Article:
The long, difficult battle for the shares of Canadian Southern Petroleum is finally nearing an end, with white knight Canadian Oil Sands Trust beating out hostile takeover bids by Petro-Canada and Canadian Superior and obtaining 65% of the company’s outstanding shares.

The trust has extended its offer of US$13.10/share until Sept. 6. So far it has purchased 9.8 million Canadian Southern common shares. Its offer was subject to the company obtaining a minimum of 50.01% of the outstanding common shares. Canadian Oil Sands intends to acquire the remaining common shares not tendered to its offer by way of a compulsory acquisition, statutory arrangement, amalgamation, merger, reorganization, consolidation, recapitalization or other type of acquisition transaction or transactions for an amount in cash that equals US$13.10/share.

“Having now acquired control of Canada Southern, we encourage remaining shareholders to tender to our offer, which is unanimously recommended by Canada Southern’s board of directors,” said Canadian Oil Sands CEO Marcel Coutu. “We would also note that U.S. securities rules dictate that this will be the final opportunity to tender to our offer.”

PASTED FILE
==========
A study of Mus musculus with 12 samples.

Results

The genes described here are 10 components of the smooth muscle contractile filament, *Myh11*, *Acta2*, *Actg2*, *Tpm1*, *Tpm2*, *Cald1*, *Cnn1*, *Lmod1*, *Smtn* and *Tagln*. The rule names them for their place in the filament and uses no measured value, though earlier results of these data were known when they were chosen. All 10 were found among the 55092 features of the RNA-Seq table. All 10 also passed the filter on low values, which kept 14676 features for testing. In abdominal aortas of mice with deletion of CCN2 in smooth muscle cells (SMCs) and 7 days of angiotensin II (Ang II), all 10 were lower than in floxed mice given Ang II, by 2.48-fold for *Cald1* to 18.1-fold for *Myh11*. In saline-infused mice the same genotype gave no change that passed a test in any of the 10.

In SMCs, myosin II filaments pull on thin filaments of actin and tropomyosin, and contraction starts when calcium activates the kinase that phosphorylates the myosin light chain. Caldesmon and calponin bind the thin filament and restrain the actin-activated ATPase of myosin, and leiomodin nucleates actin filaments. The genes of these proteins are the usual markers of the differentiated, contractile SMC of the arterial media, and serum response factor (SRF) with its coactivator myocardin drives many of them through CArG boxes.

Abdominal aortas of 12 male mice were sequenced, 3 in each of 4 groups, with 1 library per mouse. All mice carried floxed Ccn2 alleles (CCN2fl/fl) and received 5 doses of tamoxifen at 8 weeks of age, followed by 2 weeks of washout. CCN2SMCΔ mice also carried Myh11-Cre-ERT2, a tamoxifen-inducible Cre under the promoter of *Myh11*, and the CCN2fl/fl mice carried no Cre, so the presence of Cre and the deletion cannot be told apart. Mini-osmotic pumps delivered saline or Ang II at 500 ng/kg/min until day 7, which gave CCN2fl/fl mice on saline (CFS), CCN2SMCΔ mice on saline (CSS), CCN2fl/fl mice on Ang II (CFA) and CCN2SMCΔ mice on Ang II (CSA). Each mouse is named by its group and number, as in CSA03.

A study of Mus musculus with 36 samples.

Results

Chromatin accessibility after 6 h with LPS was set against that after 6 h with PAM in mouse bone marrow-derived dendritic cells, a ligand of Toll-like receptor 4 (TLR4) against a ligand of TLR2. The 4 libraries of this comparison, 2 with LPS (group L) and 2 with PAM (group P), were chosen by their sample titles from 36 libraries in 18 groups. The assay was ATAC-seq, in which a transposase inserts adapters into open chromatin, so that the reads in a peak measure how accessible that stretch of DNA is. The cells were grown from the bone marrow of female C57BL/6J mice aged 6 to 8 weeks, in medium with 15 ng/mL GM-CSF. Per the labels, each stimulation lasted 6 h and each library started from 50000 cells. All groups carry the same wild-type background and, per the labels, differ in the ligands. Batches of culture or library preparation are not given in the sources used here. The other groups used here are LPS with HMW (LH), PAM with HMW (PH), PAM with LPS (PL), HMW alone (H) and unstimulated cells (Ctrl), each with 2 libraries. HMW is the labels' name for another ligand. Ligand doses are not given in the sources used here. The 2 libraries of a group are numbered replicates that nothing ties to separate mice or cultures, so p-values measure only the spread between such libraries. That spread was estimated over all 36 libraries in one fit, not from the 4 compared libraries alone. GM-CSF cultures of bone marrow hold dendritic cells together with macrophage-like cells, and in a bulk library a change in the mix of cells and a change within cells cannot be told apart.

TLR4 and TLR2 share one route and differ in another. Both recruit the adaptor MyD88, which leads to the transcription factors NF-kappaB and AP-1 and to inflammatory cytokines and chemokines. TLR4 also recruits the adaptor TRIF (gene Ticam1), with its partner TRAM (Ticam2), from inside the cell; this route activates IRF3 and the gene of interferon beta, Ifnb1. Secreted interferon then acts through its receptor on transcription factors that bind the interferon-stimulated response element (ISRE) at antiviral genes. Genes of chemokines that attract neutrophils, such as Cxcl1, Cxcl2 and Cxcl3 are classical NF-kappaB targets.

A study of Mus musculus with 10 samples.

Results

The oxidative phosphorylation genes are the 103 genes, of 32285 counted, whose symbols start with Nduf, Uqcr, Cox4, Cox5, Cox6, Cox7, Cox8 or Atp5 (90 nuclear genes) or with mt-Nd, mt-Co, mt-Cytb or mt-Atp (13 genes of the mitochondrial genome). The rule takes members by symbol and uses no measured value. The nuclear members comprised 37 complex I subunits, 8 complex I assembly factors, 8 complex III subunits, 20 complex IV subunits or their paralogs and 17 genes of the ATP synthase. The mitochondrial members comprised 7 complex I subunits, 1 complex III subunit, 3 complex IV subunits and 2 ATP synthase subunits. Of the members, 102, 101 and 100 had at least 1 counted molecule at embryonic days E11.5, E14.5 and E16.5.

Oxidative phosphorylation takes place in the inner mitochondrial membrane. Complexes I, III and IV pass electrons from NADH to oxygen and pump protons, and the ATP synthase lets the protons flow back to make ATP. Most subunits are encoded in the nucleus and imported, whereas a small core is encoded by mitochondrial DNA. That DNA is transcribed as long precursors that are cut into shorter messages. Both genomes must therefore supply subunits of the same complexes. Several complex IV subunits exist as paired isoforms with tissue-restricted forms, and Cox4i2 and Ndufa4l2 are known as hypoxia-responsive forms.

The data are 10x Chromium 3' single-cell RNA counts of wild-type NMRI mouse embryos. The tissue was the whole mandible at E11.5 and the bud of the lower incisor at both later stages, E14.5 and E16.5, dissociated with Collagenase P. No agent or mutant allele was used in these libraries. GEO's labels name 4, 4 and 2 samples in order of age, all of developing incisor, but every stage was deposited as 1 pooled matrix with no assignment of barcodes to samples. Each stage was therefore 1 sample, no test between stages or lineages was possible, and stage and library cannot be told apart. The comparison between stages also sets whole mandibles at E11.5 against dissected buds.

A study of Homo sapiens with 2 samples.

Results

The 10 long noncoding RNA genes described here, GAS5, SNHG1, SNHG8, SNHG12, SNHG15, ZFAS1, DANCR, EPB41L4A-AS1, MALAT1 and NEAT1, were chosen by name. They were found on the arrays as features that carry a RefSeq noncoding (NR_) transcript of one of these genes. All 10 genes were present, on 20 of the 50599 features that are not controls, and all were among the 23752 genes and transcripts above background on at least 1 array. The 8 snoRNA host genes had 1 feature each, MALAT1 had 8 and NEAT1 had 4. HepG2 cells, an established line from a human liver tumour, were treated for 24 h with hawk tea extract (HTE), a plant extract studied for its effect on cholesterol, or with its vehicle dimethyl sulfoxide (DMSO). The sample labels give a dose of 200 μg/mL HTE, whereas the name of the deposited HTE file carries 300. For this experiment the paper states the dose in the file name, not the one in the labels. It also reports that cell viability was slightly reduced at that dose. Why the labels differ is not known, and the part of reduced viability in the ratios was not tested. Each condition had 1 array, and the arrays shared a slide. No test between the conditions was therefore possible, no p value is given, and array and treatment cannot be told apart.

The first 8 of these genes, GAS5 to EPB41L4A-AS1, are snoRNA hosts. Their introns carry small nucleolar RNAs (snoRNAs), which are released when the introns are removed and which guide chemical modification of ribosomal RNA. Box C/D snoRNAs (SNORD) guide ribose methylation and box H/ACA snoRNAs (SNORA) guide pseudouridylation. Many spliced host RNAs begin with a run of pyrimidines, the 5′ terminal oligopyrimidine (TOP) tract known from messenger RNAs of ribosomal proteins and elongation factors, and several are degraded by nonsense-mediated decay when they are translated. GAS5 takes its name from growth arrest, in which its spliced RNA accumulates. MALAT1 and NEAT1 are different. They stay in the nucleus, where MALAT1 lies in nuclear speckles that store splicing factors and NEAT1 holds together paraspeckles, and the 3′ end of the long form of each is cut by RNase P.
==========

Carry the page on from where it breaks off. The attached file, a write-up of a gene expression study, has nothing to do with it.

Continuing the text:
Canadian Oil Sands is Canada’s largest income trust and currently is a pure-play oilsands operator with 35% of the Syncrude joint venture in northern Alberta. The white knight bidder plans to sell Canadian Southern’s conventional assets in the Yukon, northeastern B.C. and southern Alberta and their associated 1,200 boe/d of production as soon as possible once the deal is closed.

The big attraction of Calgary-based Canada Southern has been its 39,000 net acres in the Canadian Arctic Islands. Canada Southern estimates its potential Arctic gas reserves at about a net 927 Bcfe, which is 68 times greater than its current 13.7 Bcfe of proved and probable reserves. Canadian Oil Sands sees the assets as a physical hedge for fueling its oilsands operations and intends to sit on those assets hoping that at some point they will be developed to supply a natural gas liquefaction plant.

However, it remains to be seen whether the main arctic lands holder, Petro-Canada, with 187,000 acres, will ever develop such a facility.